Friday, September 01, 2006

Perdue-Cagle: In it for themselves, maybe also Georgia.

Serendipity, I tell you:

The evidence is conclusive: In 2005, Georgia legislators quietly smuggled language into an otherwise routine tax bill that gave one particular Georgia taxpayer a special tax deferral worth more than $100,000.

The taxpayer in question was Gov. Sonny Perdue, the man who signed the bill into law on April 12, 2005, and shortly thereafter signed his state tax return taking advantage of that special legislation. . . .

Because Perdue invested that $2 million in property out of state rather than here in Georgia, he still faced payment of Georgia capital gains tax of more than $100,000. Under state law, Perdue could have deferred paying that tax only by investing the money in property here in Georgia.

A few months after Perdue bought his Florida land, though, the state Department of Revenue asked the Legislature to drop the in-state property requirement on capital gains, effective Jan. 1, 2005. According to Revenue Commissioner Bart Graham, the department made that request on its own because it feared that the existing provision might be unconstitutional. As Graham points out, Georgia was the only state in the country that still required taxpayers to purchase land in-state to qualify for a tax deferment.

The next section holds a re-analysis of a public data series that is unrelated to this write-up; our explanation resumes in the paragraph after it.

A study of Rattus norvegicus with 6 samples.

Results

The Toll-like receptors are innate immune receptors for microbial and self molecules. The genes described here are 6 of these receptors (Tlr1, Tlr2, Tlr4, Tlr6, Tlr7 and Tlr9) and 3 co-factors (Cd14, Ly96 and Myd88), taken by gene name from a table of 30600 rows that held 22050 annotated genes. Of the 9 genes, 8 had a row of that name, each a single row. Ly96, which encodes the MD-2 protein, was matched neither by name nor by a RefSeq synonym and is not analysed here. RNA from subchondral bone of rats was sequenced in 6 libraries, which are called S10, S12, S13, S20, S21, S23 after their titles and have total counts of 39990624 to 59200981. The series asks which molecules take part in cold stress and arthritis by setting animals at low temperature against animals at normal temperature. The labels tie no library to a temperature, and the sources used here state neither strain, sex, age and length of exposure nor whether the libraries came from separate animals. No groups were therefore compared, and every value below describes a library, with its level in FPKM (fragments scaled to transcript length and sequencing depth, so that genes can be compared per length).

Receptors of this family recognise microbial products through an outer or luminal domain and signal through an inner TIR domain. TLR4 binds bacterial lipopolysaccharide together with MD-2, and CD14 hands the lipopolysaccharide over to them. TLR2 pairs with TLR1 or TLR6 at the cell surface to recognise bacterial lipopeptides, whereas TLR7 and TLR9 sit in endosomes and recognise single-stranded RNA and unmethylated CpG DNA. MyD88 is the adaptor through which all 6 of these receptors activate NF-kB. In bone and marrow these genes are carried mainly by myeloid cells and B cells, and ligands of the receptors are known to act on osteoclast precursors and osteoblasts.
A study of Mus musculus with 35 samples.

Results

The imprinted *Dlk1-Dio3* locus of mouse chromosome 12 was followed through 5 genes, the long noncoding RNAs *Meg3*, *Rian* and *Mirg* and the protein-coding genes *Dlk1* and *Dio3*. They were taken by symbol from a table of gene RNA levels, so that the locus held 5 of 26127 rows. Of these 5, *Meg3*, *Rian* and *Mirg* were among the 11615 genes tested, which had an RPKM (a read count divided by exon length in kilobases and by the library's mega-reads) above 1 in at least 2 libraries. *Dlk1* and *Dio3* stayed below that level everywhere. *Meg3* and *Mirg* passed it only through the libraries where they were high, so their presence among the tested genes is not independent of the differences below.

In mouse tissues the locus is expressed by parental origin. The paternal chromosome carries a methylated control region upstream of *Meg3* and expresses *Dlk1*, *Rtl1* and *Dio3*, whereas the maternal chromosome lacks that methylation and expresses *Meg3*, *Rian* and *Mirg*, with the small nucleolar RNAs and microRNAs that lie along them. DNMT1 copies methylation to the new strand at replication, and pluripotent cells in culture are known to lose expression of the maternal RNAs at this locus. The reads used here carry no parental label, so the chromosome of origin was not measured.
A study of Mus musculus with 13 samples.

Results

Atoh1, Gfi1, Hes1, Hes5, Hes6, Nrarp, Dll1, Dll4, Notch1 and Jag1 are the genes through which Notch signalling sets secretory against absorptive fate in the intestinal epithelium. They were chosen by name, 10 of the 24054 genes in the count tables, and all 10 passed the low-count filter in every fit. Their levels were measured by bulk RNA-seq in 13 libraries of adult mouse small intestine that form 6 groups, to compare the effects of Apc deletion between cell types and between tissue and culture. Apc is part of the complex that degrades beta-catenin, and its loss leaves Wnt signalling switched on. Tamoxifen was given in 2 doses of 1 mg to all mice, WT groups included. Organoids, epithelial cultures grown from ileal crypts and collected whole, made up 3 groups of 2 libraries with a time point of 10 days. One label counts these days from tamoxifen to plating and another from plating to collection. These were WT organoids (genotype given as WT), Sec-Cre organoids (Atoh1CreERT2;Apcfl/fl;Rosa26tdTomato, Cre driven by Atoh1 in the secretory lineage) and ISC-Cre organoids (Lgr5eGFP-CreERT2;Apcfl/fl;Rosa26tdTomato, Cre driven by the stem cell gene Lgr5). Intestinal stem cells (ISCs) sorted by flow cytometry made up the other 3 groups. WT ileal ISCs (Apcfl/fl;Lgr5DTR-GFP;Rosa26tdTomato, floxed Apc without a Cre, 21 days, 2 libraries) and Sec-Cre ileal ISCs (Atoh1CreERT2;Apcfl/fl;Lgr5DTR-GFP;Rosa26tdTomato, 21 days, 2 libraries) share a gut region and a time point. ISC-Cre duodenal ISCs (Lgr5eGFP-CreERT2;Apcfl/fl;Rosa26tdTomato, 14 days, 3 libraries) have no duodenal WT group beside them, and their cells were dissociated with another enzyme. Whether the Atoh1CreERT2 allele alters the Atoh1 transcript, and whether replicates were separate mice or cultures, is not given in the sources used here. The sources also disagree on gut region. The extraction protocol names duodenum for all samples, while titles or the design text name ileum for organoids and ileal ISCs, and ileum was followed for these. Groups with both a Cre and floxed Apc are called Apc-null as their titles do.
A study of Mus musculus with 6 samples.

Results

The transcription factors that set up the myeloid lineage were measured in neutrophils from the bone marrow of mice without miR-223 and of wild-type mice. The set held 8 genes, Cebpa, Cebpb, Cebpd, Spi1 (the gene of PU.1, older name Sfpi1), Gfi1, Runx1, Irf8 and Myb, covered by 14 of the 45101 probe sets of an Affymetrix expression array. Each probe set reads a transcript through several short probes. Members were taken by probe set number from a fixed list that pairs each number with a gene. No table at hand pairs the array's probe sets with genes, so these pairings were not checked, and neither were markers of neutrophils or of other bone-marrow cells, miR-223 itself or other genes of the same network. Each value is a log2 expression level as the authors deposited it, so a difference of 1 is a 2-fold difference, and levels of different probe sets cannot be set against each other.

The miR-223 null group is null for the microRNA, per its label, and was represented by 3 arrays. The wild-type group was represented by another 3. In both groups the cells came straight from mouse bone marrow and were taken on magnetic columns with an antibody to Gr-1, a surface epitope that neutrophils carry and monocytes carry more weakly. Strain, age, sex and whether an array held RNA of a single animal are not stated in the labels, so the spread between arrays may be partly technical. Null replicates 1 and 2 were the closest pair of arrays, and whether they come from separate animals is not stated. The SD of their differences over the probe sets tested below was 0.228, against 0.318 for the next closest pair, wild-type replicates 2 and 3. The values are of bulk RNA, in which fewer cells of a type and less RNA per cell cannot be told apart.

The department's request was then included in House Bill 488, along with scores of other mundane changes to state tax law also sought by the department. Such bills are an annual exercise in the Legislature, and are almost never controversial. In this case, HB 488 passed the House unanimously and was sent to the Senate, where it was approved by the Senate Finance Committee and sent to the Senate floor for action.

Then things got interesting.

On March 22, HB 488 was mysteriously recommitted to the Finance Committee, then chaired by Sen. Casey Cagle (R-Gainesville). Back in committee, only one seemingly minor change was made to the bill — changes affecting capital gains taxes from the sale of property were suddenly made retroactive all the way back to Jan. 1, 2004, more than a year earlier. Although only a few knew it at the time, that minor change meant big money for Perdue, whose land transactions now fell under the new law.

Cagle, who has since become the Republican candidate for lieutenant governor, said in an interview Tuesday that the Department of Revenue had requested the change making those provisions retroactive.

However, that is contradicted by Graham, who says his department made no such request.

"I was just informed that the bill was going to change," Graham told me, stressing that he neither opposed nor requested the change.

In the end, the only provisions of the 24-page, 27-section bill retroactive to Jan. 1, 2004, were the two provisions needed to let Perdue defer more than $100,000 in state taxes.